Top executives from General Motors, Ford, Stellantis, and Toyota have lobbied Congress to lift the 200,000 sold vehicle cap on the $7,500 electric vehicle tax credit, citing higher costs to produce zero-emission vehicles, according to a letter reportedly seen by Reuters.
“We ask that the per-(automaker) cap be removed, with a sunset date set for a time when the EV market is more mature,” the automakers said in a joint letter, as reported by Automotive News. “Recent economic pressures and supply chain constraints are increasing the cost of manufacturing electrified vehicles which, in turn, puts pressure on the price to consumers.”
The letter comes amid growing concerns among auto industry executives that the window is closing for US Congress to extend electric vehicle tax credits before the coming midterm elections … which, if things weren’t already bad enough, are expected to go badly for Democrats.
What’s it all about, Alfie?
For those of you who are confused by all this, a manufacturer’s vehicles are eligible for up to $7,500 in federal tax credit incentives until that manufacturer hits a benchmark of 200,000 vehicles sold — well, until a bit after that milestone. Once an automaker sells a total of 200,000 units that qualify for the credit, a phaseout begins. The available tax credit is reduced by 50% for the two quarters following the 200,000 benchmark ($3,750), then drops to 25 percent ($1,875) for the subsequent two quarters. After that point, the vehicles made by the automaker no longer qualify.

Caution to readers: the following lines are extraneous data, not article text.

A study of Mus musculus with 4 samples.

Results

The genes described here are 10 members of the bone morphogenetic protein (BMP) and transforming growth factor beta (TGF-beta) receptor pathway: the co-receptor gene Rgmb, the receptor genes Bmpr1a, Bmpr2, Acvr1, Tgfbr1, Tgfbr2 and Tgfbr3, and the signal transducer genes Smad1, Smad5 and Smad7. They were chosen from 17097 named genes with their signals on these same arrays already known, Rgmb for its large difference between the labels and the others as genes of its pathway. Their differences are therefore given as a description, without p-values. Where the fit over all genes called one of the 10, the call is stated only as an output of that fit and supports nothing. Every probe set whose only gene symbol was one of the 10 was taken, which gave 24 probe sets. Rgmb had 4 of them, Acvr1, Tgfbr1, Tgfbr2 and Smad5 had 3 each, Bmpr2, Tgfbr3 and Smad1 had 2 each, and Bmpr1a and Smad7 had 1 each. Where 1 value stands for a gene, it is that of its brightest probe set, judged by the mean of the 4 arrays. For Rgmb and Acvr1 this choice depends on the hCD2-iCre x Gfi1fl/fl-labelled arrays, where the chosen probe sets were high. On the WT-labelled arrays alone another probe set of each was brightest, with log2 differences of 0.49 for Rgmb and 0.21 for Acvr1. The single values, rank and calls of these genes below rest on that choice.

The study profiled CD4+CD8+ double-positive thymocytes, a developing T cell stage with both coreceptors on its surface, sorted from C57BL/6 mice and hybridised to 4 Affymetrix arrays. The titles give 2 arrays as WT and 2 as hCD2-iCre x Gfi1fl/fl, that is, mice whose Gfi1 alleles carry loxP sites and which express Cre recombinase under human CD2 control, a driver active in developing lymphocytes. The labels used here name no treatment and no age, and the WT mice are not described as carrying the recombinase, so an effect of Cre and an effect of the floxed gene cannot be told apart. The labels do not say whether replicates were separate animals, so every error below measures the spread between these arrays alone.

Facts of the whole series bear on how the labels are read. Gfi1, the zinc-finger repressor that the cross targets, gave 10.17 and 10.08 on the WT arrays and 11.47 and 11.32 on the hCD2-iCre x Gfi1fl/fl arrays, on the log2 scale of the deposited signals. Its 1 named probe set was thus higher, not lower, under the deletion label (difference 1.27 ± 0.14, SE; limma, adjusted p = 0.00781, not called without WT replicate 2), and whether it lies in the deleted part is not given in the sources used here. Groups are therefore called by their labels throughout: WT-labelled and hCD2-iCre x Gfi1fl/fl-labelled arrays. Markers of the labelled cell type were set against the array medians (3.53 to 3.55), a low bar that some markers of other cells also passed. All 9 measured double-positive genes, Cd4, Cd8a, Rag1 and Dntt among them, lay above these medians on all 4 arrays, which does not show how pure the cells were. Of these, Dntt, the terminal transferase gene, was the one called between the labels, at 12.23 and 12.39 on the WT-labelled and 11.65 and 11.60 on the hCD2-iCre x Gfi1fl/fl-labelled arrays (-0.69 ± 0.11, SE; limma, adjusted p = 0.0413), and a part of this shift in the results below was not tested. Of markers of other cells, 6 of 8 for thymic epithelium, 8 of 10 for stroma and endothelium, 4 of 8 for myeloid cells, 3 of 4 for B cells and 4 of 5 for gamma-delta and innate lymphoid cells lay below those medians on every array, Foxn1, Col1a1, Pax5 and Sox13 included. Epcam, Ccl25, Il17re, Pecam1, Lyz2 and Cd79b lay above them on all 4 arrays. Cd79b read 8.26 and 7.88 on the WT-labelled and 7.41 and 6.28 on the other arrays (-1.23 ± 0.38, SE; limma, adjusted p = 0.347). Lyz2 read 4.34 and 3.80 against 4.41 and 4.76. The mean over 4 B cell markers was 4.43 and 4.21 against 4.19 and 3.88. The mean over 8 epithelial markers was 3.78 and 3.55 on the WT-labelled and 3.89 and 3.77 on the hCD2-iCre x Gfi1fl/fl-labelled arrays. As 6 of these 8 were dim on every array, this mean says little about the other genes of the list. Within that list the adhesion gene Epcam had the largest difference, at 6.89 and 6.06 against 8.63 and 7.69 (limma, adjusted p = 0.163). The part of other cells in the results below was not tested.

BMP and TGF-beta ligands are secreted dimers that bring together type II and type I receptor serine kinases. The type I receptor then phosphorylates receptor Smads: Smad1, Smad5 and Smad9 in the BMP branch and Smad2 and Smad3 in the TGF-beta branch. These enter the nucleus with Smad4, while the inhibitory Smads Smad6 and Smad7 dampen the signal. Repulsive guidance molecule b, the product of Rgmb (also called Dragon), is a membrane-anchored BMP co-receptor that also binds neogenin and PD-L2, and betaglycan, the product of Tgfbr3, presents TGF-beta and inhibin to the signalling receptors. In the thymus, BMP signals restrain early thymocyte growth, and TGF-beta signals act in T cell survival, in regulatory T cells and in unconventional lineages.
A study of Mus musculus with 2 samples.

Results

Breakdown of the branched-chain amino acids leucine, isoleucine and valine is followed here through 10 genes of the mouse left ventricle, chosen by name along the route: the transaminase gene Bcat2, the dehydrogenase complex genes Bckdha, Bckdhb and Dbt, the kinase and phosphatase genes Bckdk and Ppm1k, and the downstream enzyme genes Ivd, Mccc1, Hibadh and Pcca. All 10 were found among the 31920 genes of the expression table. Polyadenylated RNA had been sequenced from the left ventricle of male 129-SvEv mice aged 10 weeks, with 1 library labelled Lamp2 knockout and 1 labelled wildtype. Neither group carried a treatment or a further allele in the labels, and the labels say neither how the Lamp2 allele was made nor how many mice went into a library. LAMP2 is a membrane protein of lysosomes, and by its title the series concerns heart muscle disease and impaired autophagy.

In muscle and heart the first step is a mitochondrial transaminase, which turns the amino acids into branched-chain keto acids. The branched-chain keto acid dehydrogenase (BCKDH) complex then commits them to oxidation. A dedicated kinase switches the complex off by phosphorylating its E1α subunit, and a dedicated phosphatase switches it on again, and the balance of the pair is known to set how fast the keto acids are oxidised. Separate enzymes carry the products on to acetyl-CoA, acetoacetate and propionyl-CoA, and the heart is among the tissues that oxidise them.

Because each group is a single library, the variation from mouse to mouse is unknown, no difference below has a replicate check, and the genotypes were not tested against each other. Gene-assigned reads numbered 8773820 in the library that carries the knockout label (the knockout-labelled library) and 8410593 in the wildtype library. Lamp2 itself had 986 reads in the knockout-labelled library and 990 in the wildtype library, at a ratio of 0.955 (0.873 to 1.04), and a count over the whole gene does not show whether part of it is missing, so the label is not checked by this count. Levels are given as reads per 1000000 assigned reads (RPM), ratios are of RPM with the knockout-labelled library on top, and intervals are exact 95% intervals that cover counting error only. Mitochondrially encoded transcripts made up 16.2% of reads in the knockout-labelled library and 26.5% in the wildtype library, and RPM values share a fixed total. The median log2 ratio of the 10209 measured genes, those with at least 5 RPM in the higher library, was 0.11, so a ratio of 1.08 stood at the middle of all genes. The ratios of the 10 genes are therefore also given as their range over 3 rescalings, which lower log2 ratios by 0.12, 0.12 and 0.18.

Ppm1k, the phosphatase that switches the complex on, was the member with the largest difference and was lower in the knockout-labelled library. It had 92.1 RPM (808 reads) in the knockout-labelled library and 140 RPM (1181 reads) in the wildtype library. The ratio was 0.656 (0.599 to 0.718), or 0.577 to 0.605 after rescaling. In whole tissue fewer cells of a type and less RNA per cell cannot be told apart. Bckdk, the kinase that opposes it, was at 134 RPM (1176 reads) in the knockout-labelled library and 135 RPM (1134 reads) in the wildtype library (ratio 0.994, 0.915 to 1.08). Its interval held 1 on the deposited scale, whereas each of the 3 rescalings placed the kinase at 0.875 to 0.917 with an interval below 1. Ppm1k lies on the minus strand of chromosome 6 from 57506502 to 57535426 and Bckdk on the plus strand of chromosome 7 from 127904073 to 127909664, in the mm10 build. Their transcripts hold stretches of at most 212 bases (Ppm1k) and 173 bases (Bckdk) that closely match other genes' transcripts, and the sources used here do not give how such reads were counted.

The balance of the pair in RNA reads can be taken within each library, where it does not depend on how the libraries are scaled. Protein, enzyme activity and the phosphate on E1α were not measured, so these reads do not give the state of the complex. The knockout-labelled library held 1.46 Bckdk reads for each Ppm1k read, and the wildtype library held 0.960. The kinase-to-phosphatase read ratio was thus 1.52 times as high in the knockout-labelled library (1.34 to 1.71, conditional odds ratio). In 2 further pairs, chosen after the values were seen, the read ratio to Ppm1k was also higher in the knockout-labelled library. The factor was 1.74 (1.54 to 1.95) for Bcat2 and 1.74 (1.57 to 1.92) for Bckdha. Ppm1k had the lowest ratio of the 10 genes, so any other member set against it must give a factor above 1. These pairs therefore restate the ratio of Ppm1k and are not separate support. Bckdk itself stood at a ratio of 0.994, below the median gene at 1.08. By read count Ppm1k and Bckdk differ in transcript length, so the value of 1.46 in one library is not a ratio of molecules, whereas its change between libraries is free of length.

Both GM and Tesla have already hit the cap with a mix of products, so buyers of their electric products are no longer eligible to receive the full federal tax credit (if any).
That said, Tesla seems to be doing just fine without the benefit of the federal tax credit, having sold more EVs than the brands mentioned here by an order of magnitude already in Q1 … a fact that’s been noted by none other than the Democrats’ favorite rotating villain, West Virginia Senator Joe Manchin, who questioned the need to extend EV tax credits in the face of strong consumer demand and lower costs associated with overseas production of battery components. “There’s a waiting list for EVs right now with the fuel price at $4,” he said, back in April, when gas was only $4. “But (carmakers) still want us to throw $5,000 or $7,000 or $12,000 credit to buy electric vehicles? It makes no sense to me whatsoever … when we can’t produce enough product for the people that want it and we’re still going to pay them to take it — it’s absolutely ludicrous in my mind.”
I always hesitate to agree with the designated villain, but I’m not sure he’s entirely wrong here. What do you guys think? Do we need more government incentives to promote EVs in the US, or should we try to get the Dems to go full-on Sweden and drop the ban hammer on fossil-fueled cars while they’re still in control of both houses? Scroll on down to the comments and let us know!